Reviewed by Colin Jacobson (May 15, 2007)
Some movies inspire memorable trilogies – and then there’s Porky’s. The 1982 teen sex comedy became a big hit despite its lack of cleverness or charm. It then led to two sequels. I thought 1983’s Porky’s II: The Next Day was a total dud, so I didn’t exactly look forward to my screening of 1985’s Porky’s Revenge, the final chapter in the series.
Here we find the guys as they approach high school graduation. They lead their basketball team to the state finals, but their coach (Bill Hindman) has troubles. He lost a bunch of bucks at Porky’s and can’t pay back his debt. Orchestrated by Brian (Scott Colomby), the guys go to Porky’s (Chuck Mitchell) new river-borne operation to get evidence against him, but they run into trouble. Porky catches them and plans to kill them until they offer a bargain: if he lets them live, they’ll throw the championship basketball game.
This doesn’t sit well with many of them, so Brian invents yet another scheme. The boys will win the game and expose Porky’s sliminess, thus making themselves unassailable heroes. The rest of the movie follows these events along with a mix of inevitable complications.
Revenge features one thing you didn’t find in Porky’s II: Porky. The first sequel brought back all of the original’s high school student characters and some school staff but introduced a whole new set of antagonists. These choices made absolutely no sense, as PII really had little to do with its predecessor. It felt like a teen comedy that could take place anywhere and didn’t need to be set in the Porky’s universe.
If nothing else, I have to give Revenge credit for the fact that it manages to reconnect with the original flick. Indeed, I will give this flick credit for nothing else, but at least it made sense as a Porky’s movie. PII manipulated the characters to fit the story, whereas here the story makes sense for the characters.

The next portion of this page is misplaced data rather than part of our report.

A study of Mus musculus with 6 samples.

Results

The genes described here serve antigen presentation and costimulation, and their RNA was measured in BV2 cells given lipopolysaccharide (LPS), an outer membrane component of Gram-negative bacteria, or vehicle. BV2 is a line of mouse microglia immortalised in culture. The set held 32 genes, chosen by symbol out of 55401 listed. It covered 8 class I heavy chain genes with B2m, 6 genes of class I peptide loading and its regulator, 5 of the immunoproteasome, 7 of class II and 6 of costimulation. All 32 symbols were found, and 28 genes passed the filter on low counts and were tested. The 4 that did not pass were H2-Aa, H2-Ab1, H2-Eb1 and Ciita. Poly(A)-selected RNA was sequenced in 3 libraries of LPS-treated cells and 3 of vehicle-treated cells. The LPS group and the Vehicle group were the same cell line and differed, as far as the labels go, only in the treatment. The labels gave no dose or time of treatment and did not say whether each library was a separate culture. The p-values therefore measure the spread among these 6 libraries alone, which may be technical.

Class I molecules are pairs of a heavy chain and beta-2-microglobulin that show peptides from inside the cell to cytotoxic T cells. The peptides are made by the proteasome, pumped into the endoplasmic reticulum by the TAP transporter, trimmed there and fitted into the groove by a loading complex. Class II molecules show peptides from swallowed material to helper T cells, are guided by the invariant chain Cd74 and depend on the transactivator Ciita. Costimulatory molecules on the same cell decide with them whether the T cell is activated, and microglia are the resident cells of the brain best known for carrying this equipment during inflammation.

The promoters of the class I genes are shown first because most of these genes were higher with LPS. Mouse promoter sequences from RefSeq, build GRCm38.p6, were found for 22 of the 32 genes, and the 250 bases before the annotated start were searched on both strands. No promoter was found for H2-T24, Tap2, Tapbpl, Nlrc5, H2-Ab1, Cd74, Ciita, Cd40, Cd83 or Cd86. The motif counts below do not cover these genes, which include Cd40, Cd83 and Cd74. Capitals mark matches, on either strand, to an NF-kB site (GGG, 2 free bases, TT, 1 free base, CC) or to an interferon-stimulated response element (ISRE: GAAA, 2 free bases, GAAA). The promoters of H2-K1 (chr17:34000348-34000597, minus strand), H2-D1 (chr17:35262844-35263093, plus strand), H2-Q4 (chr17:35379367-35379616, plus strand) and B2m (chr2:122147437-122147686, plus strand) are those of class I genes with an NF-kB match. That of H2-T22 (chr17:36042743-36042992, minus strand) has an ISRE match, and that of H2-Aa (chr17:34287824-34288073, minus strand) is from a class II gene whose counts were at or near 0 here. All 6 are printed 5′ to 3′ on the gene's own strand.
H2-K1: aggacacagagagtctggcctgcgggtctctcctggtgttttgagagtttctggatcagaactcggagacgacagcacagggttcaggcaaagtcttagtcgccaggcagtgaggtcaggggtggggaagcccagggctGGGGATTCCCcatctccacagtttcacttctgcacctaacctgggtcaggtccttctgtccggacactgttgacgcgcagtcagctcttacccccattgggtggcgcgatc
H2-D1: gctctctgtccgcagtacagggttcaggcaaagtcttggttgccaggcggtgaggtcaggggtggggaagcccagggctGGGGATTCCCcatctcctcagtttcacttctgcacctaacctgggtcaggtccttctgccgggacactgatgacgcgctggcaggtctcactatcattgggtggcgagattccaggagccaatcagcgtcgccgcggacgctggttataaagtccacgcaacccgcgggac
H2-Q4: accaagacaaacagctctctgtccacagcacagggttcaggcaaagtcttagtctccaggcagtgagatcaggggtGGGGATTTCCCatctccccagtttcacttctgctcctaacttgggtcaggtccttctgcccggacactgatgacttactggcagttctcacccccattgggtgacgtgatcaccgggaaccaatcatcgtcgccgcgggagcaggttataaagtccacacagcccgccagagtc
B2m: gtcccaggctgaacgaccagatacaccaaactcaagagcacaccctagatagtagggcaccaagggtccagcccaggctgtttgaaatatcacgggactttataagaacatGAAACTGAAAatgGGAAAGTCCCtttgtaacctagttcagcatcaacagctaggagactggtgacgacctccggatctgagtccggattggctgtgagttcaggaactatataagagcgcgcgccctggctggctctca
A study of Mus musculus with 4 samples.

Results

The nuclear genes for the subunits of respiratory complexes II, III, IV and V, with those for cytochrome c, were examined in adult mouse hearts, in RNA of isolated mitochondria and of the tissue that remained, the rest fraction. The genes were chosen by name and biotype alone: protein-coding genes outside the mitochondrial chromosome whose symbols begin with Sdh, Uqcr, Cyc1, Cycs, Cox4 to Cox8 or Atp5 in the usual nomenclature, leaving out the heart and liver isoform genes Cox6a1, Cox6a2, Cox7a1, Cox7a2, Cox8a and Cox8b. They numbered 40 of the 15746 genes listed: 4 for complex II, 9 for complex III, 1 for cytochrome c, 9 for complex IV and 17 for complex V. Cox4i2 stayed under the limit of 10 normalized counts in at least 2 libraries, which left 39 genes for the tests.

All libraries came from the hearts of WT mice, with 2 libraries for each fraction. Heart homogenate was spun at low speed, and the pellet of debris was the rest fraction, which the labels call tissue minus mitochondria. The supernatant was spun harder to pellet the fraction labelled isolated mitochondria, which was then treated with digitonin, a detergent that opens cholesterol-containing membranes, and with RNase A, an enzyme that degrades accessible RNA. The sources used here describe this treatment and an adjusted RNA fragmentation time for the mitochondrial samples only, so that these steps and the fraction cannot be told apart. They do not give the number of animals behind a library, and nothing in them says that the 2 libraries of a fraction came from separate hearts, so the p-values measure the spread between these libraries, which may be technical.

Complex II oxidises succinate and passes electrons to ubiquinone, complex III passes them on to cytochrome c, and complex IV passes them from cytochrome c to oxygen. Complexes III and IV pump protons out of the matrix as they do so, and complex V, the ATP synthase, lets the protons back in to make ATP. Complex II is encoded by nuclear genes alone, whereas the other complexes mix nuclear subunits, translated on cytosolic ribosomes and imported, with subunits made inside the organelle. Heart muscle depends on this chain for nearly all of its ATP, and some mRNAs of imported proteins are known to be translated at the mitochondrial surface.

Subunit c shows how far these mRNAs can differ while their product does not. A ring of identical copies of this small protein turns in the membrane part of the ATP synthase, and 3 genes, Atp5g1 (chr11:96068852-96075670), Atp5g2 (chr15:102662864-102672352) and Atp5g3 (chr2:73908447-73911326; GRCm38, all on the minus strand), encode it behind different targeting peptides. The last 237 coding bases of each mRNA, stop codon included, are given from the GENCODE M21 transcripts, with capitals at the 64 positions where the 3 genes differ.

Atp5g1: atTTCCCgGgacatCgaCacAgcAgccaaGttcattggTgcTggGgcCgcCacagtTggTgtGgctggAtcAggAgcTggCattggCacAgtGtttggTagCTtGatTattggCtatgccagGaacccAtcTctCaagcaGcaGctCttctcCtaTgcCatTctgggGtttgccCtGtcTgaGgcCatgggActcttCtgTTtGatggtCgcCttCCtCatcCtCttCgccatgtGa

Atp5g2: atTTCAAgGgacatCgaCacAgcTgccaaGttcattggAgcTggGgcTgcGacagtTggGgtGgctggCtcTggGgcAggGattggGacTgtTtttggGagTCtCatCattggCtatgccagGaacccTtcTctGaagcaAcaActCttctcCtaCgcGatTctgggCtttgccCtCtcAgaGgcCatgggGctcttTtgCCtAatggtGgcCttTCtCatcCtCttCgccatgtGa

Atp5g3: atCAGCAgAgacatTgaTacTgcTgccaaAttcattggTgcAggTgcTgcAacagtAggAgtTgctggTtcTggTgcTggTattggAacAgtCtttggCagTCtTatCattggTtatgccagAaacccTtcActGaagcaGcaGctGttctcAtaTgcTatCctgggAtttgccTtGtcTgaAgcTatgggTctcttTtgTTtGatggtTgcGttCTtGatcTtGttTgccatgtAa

Not that one should overuse the word “story” in this context. As with the original film, Revenge stands more as a framework for cheap gags and less as a coherent tale. The “plot” exists in a loose manner at best. Those elements create a vague impetus for what we see, but in truth, the flick essentially offers a collection of comedic skits cobbled together without much connection. That’s a lot like the original film, as it provided a similarly general theme to tie up its bits.
Does this mean that folks who liked Porky’s will enjoy Revenge. Maybe – I can’t really say since I most definitely didn’t dig the original. That flick’s gags seemed lame and amateurish, and that trend continues here. Not a single one connects to create humor. If there’s a laugh to be found in this clunker, I couldn’t fine it.
Most of the teen characters from the original and its first sequel return for Revenge. We lose a couple of students – Mickey and Tim – but the others come along for the ride. Is that a good thing? I guess, as at least it maintains continuity with the other movies. I think the actors remain bland at best, though, as they continue to fail to present memorable personalities. And Tony Ganios really let himself go to pot. Whereas Meat looked buff and muscular in earlier efforts, he clearly hit the buffet line before he made Revenge; he looks more like Porky here.
Revenge also brings back the first flick’s main appeal: female nudity. PII showed very little skin of that variety but made the bizarre and unpleasant choice to expose many, many ugly naked men. While the nudity in Revenge doesn’t compete with the glorious full-frontal shower scene in the original, at least Playmate Kim Evenson and some others offer decent flesh.
Not that these occasionally displays are enough to redeem Porky’s Revenge. I couldn’t find anything about the flick to make it entertaining – or even coherent. This is a piece of product that never amuses, charms or even vaguely maintains the viewer’s interest.
Odd footnote: while virtually no one liked the movie, the Revenge soundtrack became a collectible audiophile CD. Released by Mobile Fidelity Sound Labs, for quite some time theirs was the only version in print. Who cares, you might ask. A lot of people since the album included interesting nuggets like an otherwise unreleased tune from George Harrison. The MSFL disc still rakes in pretty big bucks on eBay. Who’d have thunk a bomb like this would manage to bring in a song from a Beatle?